Understanding the need to reopen the economy safely, with public health as the number one priority, we listened in to the practical preparations for restart and recovery suggested by the CBI today.
Dame Carolyn Fairbairn, Director General of the CBI talked in the CBI’s daily webinar of the need to change the language around restarting the UK economy. Often, we hear about trading off health versus the economy, which destroys public trust, creating the idea that business would put economic concerns ahead of public health. The health of the nation clearly comes first and we need conversations that reflect business’ desire to reopen the economy safely. In fact, those businesses that have cautiously reopened, have done so by adhering to the current guidelines on social distancing, making sure that the measures necessary to protect staff and the public were agreed and understood by staff. It is not business as usual. Robust social distancing measures are in place.
The CBI is involved in the discussions the government is having regarding the creation of protocols and guidance which would characterise safe working in the future. It acknowledges that only after the government’s five key tests – falling deaths, NHS protected, rate of infection down, sorting out the challenges of testing and PPE and avoiding a second peak – have been met, will we move to a gradual restarting of the economy, but it stresses the importance of allowing businesses to plan ahead.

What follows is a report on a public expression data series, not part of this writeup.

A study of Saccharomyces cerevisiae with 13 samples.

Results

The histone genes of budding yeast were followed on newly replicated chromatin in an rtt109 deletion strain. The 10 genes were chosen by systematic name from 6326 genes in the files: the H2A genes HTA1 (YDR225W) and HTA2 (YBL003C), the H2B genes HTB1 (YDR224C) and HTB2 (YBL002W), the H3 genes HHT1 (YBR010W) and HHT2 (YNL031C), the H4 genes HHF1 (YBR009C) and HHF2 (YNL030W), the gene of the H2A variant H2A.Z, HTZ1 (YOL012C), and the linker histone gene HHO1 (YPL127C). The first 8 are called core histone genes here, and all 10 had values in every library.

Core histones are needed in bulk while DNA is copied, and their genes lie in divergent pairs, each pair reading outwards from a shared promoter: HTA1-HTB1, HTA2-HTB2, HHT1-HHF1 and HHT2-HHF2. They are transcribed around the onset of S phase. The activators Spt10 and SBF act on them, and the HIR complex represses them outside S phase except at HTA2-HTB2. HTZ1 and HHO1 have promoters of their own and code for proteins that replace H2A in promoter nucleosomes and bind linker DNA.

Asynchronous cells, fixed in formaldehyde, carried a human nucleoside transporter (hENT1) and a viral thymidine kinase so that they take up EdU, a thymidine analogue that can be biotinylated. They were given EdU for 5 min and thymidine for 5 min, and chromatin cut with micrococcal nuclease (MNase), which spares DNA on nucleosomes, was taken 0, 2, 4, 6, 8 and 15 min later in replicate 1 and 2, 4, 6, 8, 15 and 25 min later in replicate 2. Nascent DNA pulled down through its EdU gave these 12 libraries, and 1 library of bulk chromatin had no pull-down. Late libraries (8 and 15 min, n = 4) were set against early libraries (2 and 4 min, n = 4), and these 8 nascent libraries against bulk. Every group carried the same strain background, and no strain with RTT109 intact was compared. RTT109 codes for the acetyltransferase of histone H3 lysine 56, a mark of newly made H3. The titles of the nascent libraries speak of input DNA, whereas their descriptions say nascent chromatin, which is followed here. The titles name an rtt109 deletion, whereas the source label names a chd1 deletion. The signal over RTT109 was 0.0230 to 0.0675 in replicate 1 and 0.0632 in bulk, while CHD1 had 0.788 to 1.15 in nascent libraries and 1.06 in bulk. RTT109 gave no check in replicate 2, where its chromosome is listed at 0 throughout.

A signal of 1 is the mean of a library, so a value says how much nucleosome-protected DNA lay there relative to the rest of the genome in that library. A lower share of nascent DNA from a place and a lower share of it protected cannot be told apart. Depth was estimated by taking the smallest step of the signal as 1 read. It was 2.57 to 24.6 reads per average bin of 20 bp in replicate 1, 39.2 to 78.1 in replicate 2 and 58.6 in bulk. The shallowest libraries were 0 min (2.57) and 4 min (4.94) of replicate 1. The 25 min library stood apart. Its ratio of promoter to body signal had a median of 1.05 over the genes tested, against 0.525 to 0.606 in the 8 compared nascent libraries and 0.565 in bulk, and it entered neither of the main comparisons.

Dame Fairbairn shared that the government was considering looking at guidance based on workplace rather than sectors, citing outdoor work, leisure and wellbeing, non-food retail, office work, factory and industry and distribution and logistics as possible workplace categories for protocols on safe working. Practical guidance for protecting staff and the public in an office environment may be different to that required for a shop or a call centre for example.
Wayne Thomas, Partner at Bates Weston comments:
“It is reassuring to know that business is represented by the CBI in the debate about what happens next, and for the sake of the business community going forward, it must not be painted as the “bad guy”. Clear guidance and protocols must be put in place so that when the economy gradually reopens, businesses act in a socially responsible and safe way and the public fully understands that.”